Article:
During a visit to the "Today" show Monday, Radcliffe discussed his work on "Kill Your Darlings," in which he plays mid-century beat poet Allen Ginsberg.
"Shooting a period film of that era in New York is just an excuse to walk around in really cool clothes," Radcliffe told Savannah Guthrie. "That style has become incredibly cool again."
When asked about the film's gay love scene, Radcliffe said he wasn't surprised by the media attention.
"I would be a very stupid person if I didn't expect some reaction to that," he said. "In a way there's been less reaction to it than I thought there would be which I'm quite pleased about, a lot of people are choosing to be focused on the film."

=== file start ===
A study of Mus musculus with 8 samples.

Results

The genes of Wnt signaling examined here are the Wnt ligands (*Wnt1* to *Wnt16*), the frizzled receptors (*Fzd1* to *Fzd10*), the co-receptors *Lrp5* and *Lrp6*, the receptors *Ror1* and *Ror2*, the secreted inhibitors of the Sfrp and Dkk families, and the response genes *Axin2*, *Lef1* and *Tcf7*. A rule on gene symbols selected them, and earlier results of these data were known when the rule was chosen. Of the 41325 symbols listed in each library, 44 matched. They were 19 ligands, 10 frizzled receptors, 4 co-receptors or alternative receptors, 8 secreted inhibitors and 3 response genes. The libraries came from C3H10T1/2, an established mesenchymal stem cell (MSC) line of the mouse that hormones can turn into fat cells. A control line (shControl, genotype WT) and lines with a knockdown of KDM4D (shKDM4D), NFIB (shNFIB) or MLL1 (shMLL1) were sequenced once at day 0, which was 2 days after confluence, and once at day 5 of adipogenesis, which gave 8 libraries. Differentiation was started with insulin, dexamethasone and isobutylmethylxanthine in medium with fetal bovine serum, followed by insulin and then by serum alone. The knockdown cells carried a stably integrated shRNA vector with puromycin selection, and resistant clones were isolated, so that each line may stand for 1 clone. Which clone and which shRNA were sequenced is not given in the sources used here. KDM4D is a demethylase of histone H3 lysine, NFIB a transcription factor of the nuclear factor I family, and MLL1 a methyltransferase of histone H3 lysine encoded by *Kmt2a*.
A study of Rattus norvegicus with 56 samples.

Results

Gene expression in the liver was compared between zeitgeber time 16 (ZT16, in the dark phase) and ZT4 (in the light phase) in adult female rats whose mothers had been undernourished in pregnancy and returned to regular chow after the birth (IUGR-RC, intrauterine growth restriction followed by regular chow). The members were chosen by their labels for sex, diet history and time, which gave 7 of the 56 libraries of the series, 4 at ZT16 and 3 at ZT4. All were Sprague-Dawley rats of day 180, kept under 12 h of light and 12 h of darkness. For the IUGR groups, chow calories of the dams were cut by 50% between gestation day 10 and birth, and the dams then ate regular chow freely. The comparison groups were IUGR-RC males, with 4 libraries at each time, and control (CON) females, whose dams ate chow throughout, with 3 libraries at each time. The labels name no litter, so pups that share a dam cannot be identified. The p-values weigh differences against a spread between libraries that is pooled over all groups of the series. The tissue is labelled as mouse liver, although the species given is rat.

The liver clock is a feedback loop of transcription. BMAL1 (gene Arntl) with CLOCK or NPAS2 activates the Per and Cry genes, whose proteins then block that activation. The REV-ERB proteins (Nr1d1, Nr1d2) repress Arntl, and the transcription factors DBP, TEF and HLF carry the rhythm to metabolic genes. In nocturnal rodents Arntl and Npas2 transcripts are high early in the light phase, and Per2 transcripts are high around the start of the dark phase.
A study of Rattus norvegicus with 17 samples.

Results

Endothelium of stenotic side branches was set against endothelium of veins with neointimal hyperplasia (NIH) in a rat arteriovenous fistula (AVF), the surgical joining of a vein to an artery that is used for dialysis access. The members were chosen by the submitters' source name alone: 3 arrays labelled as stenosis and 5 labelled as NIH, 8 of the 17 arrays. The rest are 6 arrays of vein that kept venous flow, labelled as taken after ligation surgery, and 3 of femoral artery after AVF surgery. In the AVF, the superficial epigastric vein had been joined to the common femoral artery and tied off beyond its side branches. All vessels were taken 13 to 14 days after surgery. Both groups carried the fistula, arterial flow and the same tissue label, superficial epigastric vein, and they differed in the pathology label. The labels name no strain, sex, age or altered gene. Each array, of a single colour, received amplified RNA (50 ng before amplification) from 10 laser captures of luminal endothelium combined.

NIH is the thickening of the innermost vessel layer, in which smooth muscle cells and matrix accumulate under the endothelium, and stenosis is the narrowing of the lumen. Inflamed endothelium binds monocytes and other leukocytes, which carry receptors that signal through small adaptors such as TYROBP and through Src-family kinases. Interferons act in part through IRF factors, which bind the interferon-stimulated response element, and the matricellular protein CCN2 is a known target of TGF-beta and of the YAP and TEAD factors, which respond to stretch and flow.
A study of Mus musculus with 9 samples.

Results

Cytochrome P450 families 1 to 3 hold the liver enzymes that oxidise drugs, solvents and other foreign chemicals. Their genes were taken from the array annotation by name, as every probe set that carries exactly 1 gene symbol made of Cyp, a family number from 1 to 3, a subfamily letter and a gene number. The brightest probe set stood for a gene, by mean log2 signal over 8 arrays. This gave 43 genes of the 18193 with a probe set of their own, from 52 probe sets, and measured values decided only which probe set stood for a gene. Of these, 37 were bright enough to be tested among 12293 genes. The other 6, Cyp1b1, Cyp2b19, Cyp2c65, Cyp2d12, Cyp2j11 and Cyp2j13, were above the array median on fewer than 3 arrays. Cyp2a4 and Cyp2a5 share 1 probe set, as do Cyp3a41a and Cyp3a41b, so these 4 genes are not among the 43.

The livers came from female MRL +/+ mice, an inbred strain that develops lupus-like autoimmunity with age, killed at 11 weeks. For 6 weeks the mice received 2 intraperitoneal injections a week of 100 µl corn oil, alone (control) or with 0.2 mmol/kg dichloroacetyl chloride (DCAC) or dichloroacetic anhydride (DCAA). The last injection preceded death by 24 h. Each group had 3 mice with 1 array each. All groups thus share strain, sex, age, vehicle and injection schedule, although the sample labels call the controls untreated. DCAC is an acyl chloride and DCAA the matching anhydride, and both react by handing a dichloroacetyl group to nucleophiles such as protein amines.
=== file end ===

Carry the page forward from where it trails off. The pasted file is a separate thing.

"And to be honest, I don't really mind what reasons people go in to see the film," he said. "If they're slightly salacious or whatever. Ultimately, they're going to go in and see a really compelling drama."
Radcliffe told "Today" that he chooses roles in the interest of variety. But there's something else at play.
The subject of a lengthy profile in this week's New York Times Magazine, the young actor said he has a "massive chip on his shoulder" about proving that he can really act, which might account for his choice of film roles and heavy work load.
When you fall into something at age 11 and get paid incredible amounts of money for your entire teenage years for doing a job anyone would want, there is a part of you that thinks everybody is just saying, "He got there because he fell into it; he’s not really an actor."
“I feel it less nowadays,” he said. “It has taken a long time to feel like I’ve earned the place that I’m at.”
"Kill Your Darlings" opens October 16.